Stronger Bridges

Seismic testing of a decommissioned bridge is informing strengthening requirements for similar bridges. Story written for Te Hiranga Rū QuakeCoRE's 2020 Annual Report.
Picture of Ursula Cochran

Ursula Cochran

Science Writer

The old State Highway 1 bridge over the Manawatu River south of Foxton. Photo from a poster on pile testing by Chigullapally et al.

Aotearoa New Zealand, with its mountainous terrain and numerous rivers, is a land of many bridges. Thousands of bridges not only keep communities connected but also carry essential services like water, power and communication cables. Many New Zealand bridges were built before modern design codes so we don’t know how they’ll perform in large earthquakes. Te Hiranga Rū QuakeCoRE researchers are making the most of a novel opportunity to find out.

Associate Investigator Lucas Hogan is always on the hunt for old bridges. So, for Lucas and his engineering colleagues at the University of Auckland, the proposed demolition of the original Whirokino bridge was an exciting discovery. The 1.2-kilometre-long trestle bridge, spanning the Manawatū River and floodplain south of Foxton, was deemed too narrow for today’s traffic and has now been replaced. The old bridge represented a rare chance to test a long bridge after 80 years of service and with its piles still in the ground.

To replicate strong ground shaking, piles of the old bridge were pushed and pulled using a hydraulic jack to see how they would perform and what sort of damage they would experience. Columns will be tested in a similar way in the lab later this year. Key to the value of this research is that the old Whirokino bridge was built in 1939 to standard design and construction techniques. Therefore, test results will be useful for exploring the strength of many similar-aged structures.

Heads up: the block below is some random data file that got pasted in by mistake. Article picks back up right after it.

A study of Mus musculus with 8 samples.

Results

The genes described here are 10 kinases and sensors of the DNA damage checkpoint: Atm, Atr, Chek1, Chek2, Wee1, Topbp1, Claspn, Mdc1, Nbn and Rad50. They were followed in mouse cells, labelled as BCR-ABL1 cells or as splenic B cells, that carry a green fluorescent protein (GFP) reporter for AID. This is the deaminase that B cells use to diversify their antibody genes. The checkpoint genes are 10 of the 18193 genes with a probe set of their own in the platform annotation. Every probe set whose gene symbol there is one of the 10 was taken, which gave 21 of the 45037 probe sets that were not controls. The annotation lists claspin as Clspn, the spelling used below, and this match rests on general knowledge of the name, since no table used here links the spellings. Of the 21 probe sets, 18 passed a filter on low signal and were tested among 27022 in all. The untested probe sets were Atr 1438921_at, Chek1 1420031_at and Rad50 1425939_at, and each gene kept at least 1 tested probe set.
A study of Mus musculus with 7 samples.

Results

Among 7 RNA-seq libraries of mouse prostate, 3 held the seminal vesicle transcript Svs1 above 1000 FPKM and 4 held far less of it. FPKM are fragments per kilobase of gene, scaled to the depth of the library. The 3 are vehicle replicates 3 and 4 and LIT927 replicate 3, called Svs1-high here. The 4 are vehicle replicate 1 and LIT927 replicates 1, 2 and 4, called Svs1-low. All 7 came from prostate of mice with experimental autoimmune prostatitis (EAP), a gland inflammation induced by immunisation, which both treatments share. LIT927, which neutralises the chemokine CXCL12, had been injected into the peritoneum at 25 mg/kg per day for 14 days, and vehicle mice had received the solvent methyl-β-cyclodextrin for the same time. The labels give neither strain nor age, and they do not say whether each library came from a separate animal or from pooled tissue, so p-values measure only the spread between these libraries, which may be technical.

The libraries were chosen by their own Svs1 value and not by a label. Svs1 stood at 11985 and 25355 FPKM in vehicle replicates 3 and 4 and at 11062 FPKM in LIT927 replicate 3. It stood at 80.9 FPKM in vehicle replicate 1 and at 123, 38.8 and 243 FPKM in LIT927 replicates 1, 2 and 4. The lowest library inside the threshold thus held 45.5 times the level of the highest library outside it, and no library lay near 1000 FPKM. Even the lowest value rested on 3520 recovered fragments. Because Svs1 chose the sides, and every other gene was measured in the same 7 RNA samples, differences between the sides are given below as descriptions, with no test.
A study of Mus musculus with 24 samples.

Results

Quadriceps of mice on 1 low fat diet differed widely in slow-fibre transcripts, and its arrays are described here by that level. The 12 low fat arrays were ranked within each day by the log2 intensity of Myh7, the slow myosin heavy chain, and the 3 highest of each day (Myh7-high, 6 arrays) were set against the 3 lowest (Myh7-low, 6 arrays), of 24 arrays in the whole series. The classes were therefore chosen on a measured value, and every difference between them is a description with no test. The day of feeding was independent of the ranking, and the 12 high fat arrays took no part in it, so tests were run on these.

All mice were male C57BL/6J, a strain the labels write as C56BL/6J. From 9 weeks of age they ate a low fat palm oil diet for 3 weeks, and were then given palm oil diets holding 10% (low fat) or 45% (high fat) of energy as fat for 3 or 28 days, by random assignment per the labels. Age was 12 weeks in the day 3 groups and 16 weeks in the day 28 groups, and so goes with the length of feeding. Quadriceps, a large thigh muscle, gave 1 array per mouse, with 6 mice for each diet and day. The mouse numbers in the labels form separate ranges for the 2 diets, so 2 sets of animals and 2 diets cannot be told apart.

The fate of the bridge piles was of great interest to Waka Kotahi NZ Transport Agency, who are responsible for maintaining more than 4,500 bridges to keep New Zealand roads open. Close collaboration was also essential between the researchers and bridge demolition contractors. The research was funded by EQC and QuakeCoRE.

The good news is that the piles held strong in the face of powerful forces. This bodes well for many similar bridges. Once column testing is complete, there will be a detailed prognosis of bridge strength with insights into assessment techniques and retrofitting needs. Fragility modelling is underway to estimate the vulnerability of this bridge type to different levels of earthquake hazard.

With this kind of knowledge, it becomes easier to appropriately prioritise bridge strengthening or replacement. And from a risk management perspective, it becomes possible to identify the weak links in the roading network and make plans to minimise isolation of communities before the next damaging earthquake.